Tuesday, May 11, 2010
I am shocked and surprised tonight. I never thought a formal coalition deal between Conservatives and Liberal Democrats would take place. I was wrong, and now we wait for details of the new government. On face value it seems the Tories have given far too much away, and it will have probably finished the LibDems off in local elections next year. Let’s see how long this government is going to last. Probably longer than I thought it would.
“We are seeking a deal with [insert political party of your choice] in the national interest.”
How many times have we hear that over the last few days? Everything is in the national interest. No doubt the Liberal Democrats will tell us opening talks with Labour is in the national interest too, but it is more in the interests of the Liberal Democrats, rather than the rest of us.
Can we get one thing straight? Although none of political parties secured enough seats to form a majority government, and all parties failed to convince voters they deserved a clear mandate, there wasn’t a single person in Britain who cast a vote for a hung parliament. We don’t know how our fellow citizens are going to vote, but we do know they will cast their vote for a variety of different reasons. What the public does want is a new government formed that is going to get a grip with the dire financial problems this country faces.
Think about how many parties will be involved in a Lib/Lab coalition. Along with Labour and the Lib Dems, there will be the Scottish and Welsh Nationalists, the SDLP, and anyone else they can muster. It will only take one party to pull out of the coalition for the government to fall like a deck of cards. Stable government? Hardly.
If the LibDems truly want to act in the national interest, then stop this stupidity with Labour. Propping up a party the voters have clearly rejected, with the prospect of yet another unelected prime minister in September, is clearly wrong. A formal coalition between Conservatives and the LibDems will not work either, and I think the Conservatives can go it alone. When you remove the votes of the Speaker, his deputies and Sinn Fein (who don’t sit in the Commons, as they refuse to swear an oath of allegiance to the Queen), Cameron could seek support on a vote by vote basis. Therefore Clegg should have a confidence and supply agreement with Cameron, and allow a new government to be formed. It won’t last long and we will all be back to the polling booths in the Autumn, but at least we will move on from the current impasse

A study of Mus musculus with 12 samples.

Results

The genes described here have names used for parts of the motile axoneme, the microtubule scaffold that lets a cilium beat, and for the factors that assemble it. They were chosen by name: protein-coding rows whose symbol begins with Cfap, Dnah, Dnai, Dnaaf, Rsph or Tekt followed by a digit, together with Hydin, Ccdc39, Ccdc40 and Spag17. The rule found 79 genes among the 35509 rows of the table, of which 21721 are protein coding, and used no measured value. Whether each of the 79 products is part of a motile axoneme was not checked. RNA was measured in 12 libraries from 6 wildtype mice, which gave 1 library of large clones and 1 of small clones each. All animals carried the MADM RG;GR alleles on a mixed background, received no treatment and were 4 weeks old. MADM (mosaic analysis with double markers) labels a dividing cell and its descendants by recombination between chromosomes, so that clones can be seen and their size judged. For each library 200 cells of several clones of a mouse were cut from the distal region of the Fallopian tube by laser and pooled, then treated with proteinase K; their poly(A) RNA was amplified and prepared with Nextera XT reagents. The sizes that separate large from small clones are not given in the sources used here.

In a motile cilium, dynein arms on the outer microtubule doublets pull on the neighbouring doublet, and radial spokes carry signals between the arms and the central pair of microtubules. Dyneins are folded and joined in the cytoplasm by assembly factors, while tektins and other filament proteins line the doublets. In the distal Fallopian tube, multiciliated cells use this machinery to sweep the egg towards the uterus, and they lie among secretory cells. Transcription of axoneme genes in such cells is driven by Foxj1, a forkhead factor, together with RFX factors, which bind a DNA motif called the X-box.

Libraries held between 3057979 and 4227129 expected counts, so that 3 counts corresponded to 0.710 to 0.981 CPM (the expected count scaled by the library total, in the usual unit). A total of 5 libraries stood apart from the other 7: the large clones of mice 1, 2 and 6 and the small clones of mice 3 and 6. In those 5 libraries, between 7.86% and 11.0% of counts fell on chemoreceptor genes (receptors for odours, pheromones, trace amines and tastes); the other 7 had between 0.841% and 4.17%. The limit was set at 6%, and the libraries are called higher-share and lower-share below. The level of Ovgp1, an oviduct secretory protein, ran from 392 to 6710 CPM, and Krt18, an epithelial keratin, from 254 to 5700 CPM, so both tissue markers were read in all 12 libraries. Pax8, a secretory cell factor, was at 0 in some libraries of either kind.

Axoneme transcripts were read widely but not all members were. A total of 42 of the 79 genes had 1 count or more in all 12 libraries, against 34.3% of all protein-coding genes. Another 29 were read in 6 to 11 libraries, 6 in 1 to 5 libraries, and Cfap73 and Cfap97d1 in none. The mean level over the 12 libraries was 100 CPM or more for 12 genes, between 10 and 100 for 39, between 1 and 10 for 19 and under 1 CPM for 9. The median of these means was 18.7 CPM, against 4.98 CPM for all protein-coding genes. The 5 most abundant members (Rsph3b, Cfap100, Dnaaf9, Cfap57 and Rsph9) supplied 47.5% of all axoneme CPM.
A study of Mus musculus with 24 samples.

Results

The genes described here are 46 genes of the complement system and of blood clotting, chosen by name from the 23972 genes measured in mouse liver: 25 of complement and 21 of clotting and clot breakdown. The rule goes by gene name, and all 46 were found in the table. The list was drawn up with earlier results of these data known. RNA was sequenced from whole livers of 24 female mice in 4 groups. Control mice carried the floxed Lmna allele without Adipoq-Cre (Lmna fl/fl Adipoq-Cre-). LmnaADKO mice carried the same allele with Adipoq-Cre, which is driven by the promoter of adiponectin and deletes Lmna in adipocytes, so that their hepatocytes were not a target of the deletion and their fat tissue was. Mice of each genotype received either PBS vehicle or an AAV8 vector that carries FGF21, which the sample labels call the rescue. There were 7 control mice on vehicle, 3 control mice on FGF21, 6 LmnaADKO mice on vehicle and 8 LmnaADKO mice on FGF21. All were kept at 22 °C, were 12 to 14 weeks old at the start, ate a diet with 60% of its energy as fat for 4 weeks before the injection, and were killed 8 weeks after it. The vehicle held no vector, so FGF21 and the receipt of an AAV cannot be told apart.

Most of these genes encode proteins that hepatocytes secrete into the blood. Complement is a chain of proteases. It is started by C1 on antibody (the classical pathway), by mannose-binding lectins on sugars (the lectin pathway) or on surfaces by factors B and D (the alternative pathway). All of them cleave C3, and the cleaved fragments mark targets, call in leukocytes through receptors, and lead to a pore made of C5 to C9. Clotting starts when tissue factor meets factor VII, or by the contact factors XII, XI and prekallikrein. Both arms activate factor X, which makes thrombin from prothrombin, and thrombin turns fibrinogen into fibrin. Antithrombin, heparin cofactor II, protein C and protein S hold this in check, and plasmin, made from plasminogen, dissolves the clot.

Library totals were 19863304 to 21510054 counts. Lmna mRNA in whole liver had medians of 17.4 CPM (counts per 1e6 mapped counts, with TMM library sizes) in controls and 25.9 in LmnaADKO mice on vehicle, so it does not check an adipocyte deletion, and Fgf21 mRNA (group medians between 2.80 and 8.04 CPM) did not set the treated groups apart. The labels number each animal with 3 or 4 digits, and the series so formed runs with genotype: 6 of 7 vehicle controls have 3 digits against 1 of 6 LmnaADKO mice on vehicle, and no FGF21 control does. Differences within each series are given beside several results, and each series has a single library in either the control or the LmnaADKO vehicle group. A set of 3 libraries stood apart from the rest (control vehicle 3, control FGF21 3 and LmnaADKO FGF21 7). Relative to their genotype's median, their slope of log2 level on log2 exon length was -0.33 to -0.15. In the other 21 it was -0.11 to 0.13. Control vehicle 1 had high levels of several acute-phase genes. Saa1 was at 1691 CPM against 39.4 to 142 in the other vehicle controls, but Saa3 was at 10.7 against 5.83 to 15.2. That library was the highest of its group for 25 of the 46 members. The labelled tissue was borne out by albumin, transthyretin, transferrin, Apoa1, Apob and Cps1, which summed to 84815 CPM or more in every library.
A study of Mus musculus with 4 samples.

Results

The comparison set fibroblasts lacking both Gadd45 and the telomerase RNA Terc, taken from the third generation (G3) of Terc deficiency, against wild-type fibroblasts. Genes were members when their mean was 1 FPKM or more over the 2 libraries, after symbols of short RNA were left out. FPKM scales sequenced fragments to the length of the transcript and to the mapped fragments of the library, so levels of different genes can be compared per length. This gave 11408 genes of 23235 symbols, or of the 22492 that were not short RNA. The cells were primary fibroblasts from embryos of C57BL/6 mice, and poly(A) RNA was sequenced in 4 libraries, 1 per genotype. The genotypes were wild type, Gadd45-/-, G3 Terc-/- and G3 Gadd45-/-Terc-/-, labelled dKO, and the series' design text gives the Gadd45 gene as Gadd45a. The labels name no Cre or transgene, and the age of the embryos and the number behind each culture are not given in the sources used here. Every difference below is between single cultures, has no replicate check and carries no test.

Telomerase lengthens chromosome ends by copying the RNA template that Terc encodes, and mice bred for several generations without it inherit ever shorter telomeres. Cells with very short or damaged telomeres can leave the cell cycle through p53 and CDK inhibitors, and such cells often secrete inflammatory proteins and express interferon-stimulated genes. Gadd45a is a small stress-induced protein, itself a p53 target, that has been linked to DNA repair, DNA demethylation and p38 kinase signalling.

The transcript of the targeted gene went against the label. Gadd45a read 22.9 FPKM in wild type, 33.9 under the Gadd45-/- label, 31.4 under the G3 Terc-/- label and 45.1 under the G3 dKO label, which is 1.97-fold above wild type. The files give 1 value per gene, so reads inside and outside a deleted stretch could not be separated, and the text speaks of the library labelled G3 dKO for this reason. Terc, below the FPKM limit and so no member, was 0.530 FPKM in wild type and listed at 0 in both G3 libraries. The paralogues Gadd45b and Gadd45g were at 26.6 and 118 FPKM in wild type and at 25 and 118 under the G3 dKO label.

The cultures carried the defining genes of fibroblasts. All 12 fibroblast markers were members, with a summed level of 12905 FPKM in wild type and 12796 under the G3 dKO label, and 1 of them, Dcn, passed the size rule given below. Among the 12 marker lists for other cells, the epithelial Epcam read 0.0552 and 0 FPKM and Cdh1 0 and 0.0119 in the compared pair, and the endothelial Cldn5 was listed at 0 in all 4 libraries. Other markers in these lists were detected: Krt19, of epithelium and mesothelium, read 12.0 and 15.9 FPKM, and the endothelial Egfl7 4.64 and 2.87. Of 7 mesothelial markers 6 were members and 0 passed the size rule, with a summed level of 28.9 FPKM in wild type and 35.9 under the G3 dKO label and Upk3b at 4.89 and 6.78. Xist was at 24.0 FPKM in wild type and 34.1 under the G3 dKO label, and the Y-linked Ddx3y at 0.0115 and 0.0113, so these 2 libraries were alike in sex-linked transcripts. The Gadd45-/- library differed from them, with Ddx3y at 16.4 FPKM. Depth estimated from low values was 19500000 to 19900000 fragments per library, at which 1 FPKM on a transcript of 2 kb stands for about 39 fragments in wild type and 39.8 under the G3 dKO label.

Saturday, May 08, 2010
I hate to tell you I told you so, but I told you so. I said the only way the Conservatives would win a working majority in the House of Commons was for them to be radical. They weren’t, and now we have a hung parliament.
As I write, deals are being hatched. Tomorrow, the horse trading will start in earnest and the voters will definitely not get what they voted for. Despite all the frantic deals, agreements made will collapse like a deck of cards, and then an election will have to be called. Some commentators say we will all be visiting the polling booths within twelve months. I’m confident the next general election will be in the autumn.
There is a cost to the nation whilst this uncertainty is played out. The markets will not have confidence in the government. There could be a run on the pound. Billions are likely to be wiped of the value of shares. It will be difficult for the government to borrow more cash at a good interest rate. Britain will be heading down a Grecian road, marked cul-de-sac. Meanwhile, in a manner Nero would be proud of, our politicians will not tackle government debt, and will fiddle whilst the UK burns.
The voters are not happy with any of the parties, and have voted accordingly. With an unpopular prime minister, and the government finances in an appalling state, I think it is fair to say the Conservative Party has succeeded in snatching defeat from the jaws of victory.